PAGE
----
If you read the critics, you might not suspect that J.R.R. Tolkien’s Lord of the Rings, the first true epic to come along since Milton revitalized Homer’s and Virgil’s genre, was a monumental work. That its followers, as with Abraham’s seed, are as numerous as the sands. That there are people who meet each week to play Middle-earth games. That maps, calendars, pictures, puzzles, and deluxe editions of the trilogy sell in the millions year after year. I suspect that the critics and the audiences of Ralph Bakshi’s animated version of The Lord of the Rings, released by United Artists, will be just as far apart.

With few exceptions, the critics find it a bad film. The audiences don’t. Walt Disney, Stanley Kubrick, and John Boorman each thought at one time or another about putting The Lord of the Rings on film. Bakshi, the director, hasn’t created a flawless film; here is no Star Wars; neither is it Billy Jack. But considering the sprawl and scope of Tolkien’s story, Bakshi in a somewhat long 131 minutes captures well the atmosphere of an earlier and easier time.

The most compelling aspect of the film comes at the beginning with the recitation of the ring poem and the explanation of how the ring came to Frodo. Black silhouettes against a blood-red background set the tone and put the plot in motion. Those critics who found the film difficult to follow have watched too much television. They could do with a course in Shakespeare, whose popular plots are notoriously complex.

On to the shire. The film moves rapidly, streamlining the birthday party, the story of Gandalf’s search for the truth of the ring, and Frodo’s trip to Rivendell. Tom Bombadil and the Barrow-wights don’t appear. The stay at Rivendell, too, is shortened, as is the first leg of the journey up to the separation of the company.

Some straight lines were necessary. The beginning is as good a place as any to remove Tolkien’s curves, though I wish the battle of Weathertop hadn’t been so underplayed. Bakshi opted for the more subtle aspects of book one and he gave more time to the later battle scenes. But since he already had an unusually long film, why add a scene that doesn’t occur in Tolkien: Saruman giving his orcs a pep talk before the big battle.

Several animation techniques seem distracting at first. The director, to achieve as much realism as he could, staged the action live, and produced his animation from that. No cartoon character has ever used so many facial expressions or talked with so mobile a mouth as does a Bakshi hobbit. Once you get over the surprise, the technique aids your belief that these are real characters. That also goes for the animals. His horses must have been a labor of love. Galloping, eating, sniffing—they move as realistically as any horse John Wayne ever rode.

The director’s hand was less sure when it came to characterization. Here all Tolkien fans will disagree with him—and with each other. Who doesn’t have his mental picture of Frodo, Gandalf, Strider, or Treebeard?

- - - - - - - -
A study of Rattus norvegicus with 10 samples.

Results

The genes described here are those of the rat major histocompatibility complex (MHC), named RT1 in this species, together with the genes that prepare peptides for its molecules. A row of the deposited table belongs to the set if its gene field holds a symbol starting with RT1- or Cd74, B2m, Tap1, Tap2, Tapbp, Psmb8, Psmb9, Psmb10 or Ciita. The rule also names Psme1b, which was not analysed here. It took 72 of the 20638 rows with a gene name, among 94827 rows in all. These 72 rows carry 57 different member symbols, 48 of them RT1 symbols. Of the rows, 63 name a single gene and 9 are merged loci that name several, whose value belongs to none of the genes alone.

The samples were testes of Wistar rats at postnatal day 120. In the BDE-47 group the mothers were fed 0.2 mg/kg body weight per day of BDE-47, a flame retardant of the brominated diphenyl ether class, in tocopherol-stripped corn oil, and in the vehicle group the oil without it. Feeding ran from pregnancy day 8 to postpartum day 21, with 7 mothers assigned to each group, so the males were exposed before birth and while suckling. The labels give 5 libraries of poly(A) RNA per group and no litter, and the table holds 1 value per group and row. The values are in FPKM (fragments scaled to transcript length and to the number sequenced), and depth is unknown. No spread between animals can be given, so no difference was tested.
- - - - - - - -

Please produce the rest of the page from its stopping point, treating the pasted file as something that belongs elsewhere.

I thought that Frodo and Bilbo were approximately in the right spirit. Certainly Gandalf was as wizardly a wizard as Tolkien intended. Strider’s first appearance was as foul as in the original, though once he removed his hood he resembled a Cherokee or a Navajo more than half-man, half-elf. Gollum looked all that he should—gray, slimy, and all stretched out, though his voice did not evoke the same impression. Most animators rely on good voices to make the characters live. Not so with Bakshi. If he had matched good actors with his superb animation techniques, the result would have been unforgettable.

With Sam Gamgee we have a complete misunderstanding of the hobbit Tolkien intended. Bakshi’s Sam is a silly, simpering pudge of a character. Tolkien began with an unsophisticated, though intelligent, gardener, who grew into the ruler of the shire. I realize that Bakshi filmed only the first half of the story, but with such an unfortunate start, how can Sam become what he ought? For much of the original adventure, Sam carries Frodo (emotionally, and, at times, physically). All the animated Sam could carry is his girth.

There are other minor flaws, for example the drawing of Treebeard and the initial appearance of Galadriel. Treebeard should not have a snout, or short, squat legs and long, spindly arms. Galadriel greets the company with eyelashes so thick that it’s a wonder Sam didn’t get out his hedge trimmers. The most beautiful morning star she is not.

Bakshi should have called the film Lord of the Rings, Part One. Then we would have been prepared for the sudden ending—when Gollum decides to take Sam and Frodo to Shelob’s lair. The last line, though, was an appropriate ending for the film. It went something like, “We shall see what more we’ve got in store. Oh, yes, we shall see.”

I wish that Bakshi had emphasized the cosmic nature of the struggle between the allies of the Dark Lord. Without a strong sense of who controls Middle-earth and why Sauron needs to be resisted, the point of the plot gets lost in the superfluity of characters. Tolkien gives us that throughout the story. Bakshi cut most of the dialogue that indicates the religious nature of the conflict. This is no simple war story. The direction should have reinforced that.


Tolkien created a sweeping history—almost, you might say, a new mythology. He has helped many younger Christians bring new meaning to the phrase “created in the image of God,” as well as to imagination, even to history. Bakshi’s film will bring that tale to people who haven’t read the trilogy. For those who have, it should send them back to the original. It did for me.